The Straight Man

The Straight Man

A Novel

Book - 1997
Publisher: New York : Random House, c1997
Edition: 1st ed
ISBN: 9780679432463
Branch Call Number: Fiction
Characteristics: xvii, 391 p. ; 24 cm



An intense, chaotic, ultimately sensible story of a few days in the life of a professor in the feuding English department of a middling state university in central Pennsylvania. Well-written, engaging, funny, poignant and long enough to be satisfying.

Nov 08, 2014

Good style, funny at times.
I thought it was written in the seventies. It seems that not much changed in academia.

Oct 17, 2014

I've known about Richard Russo for a while, but just started reading him this year and am devouring his work, which I think puts him at the forefront of contemporary American novelists. Like Irving, he has little interest in trends, post-modernism, or experimentalism. He's a proudly old fashioned, populist novelist who rather than trying to bend words in new ways do what great authors have always done: try to make sense of how we live. "Straight Man" is not his best novel, but it is his funniest. He keeps the small-town setting of his other books, but this time the characters are professors at a college. He gently pokes fun at office politics, lit theory, and how every English prof. tries to write a novel. As always, his characters and settings feel authentic and lived in, like a familiar flannel shirt. It has a similar wit and feel to David Lodge's campus novels.

hobyzoe Aug 23, 2014

One of the best books I have ever read. Funny - yes, laugh-out-loud - but also excellent character development and superb philosophies. Writing this good is very rare indeed.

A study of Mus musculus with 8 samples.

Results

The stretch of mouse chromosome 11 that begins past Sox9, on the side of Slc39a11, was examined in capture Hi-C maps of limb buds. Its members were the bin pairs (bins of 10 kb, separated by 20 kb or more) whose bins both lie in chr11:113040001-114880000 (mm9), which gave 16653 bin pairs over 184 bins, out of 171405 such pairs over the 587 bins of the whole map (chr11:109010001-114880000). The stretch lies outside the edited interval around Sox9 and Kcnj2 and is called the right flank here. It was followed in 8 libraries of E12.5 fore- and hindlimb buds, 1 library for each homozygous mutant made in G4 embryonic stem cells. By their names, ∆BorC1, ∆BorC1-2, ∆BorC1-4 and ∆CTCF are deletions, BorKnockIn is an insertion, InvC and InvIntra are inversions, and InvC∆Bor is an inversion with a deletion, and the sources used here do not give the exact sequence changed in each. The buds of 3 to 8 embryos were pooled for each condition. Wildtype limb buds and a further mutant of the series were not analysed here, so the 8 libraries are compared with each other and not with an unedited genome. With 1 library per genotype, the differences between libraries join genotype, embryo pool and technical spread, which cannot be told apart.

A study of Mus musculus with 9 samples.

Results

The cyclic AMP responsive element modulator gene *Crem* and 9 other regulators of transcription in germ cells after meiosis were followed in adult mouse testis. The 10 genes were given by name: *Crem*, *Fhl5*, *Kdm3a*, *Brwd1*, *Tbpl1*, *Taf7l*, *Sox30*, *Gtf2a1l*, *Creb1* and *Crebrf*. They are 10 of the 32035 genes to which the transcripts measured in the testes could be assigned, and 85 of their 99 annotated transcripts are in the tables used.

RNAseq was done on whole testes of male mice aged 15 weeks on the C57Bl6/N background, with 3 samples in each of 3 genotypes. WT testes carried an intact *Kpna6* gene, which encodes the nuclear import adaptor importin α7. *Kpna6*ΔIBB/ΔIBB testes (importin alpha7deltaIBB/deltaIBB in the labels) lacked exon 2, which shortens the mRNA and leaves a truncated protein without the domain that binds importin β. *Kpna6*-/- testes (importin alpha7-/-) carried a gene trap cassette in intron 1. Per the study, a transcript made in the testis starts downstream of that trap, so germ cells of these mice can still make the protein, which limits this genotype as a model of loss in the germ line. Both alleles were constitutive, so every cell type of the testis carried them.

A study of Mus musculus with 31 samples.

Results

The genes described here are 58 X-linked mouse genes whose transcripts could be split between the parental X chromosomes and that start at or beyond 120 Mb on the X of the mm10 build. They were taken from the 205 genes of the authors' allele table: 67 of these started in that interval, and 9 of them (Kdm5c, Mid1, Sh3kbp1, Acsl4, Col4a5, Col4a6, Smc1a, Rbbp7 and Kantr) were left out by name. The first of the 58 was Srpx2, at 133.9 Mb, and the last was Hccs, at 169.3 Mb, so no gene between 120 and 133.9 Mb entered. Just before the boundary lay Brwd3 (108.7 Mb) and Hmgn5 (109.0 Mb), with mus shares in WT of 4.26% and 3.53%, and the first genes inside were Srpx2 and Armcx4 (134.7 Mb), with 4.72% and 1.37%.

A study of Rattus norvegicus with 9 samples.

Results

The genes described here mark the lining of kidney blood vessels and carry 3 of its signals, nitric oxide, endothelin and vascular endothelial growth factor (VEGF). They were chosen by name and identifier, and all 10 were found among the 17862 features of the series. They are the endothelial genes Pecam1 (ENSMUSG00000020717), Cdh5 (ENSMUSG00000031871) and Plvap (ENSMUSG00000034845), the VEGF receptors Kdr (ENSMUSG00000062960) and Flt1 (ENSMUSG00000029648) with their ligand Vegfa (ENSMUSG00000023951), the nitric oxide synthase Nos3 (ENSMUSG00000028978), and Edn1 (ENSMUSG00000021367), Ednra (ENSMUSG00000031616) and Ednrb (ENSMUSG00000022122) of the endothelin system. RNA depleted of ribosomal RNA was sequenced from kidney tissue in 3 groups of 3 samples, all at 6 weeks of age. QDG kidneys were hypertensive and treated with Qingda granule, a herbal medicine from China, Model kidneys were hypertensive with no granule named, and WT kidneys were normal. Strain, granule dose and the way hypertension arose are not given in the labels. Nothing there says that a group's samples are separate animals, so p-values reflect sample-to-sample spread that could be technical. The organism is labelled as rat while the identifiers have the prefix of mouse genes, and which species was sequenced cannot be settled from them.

riwasows Jun 12, 2014

One of the funniest books I've read in a long time.

DebbyReese Jun 09, 2012

I love Richard Russo's writing - he's an author who makes every word count - no wasted rhetoric! This book was so true - and so very funny - I loved it!

Jul 21, 2011

I thought this was SUPER funny. The writing style is similar to my own way of saying things, so it made we connect with the story a lot. Also very heart-wrenching at times, at least to me. But definitely funny. Highly recommend.

Apr 19, 2011

This is one of the funniest books I've ever read, hands-down.

Apr 19, 2011

A funny look at small-town academic life colliding with a midlife crisis.

Mar 21, 2011

I suppose this was a funny book...but, frankly I found it a little too TRUE to be funny! Very accurate writing about academia and the foibles/plots/fears/desires of a college's professors and administration. A good book.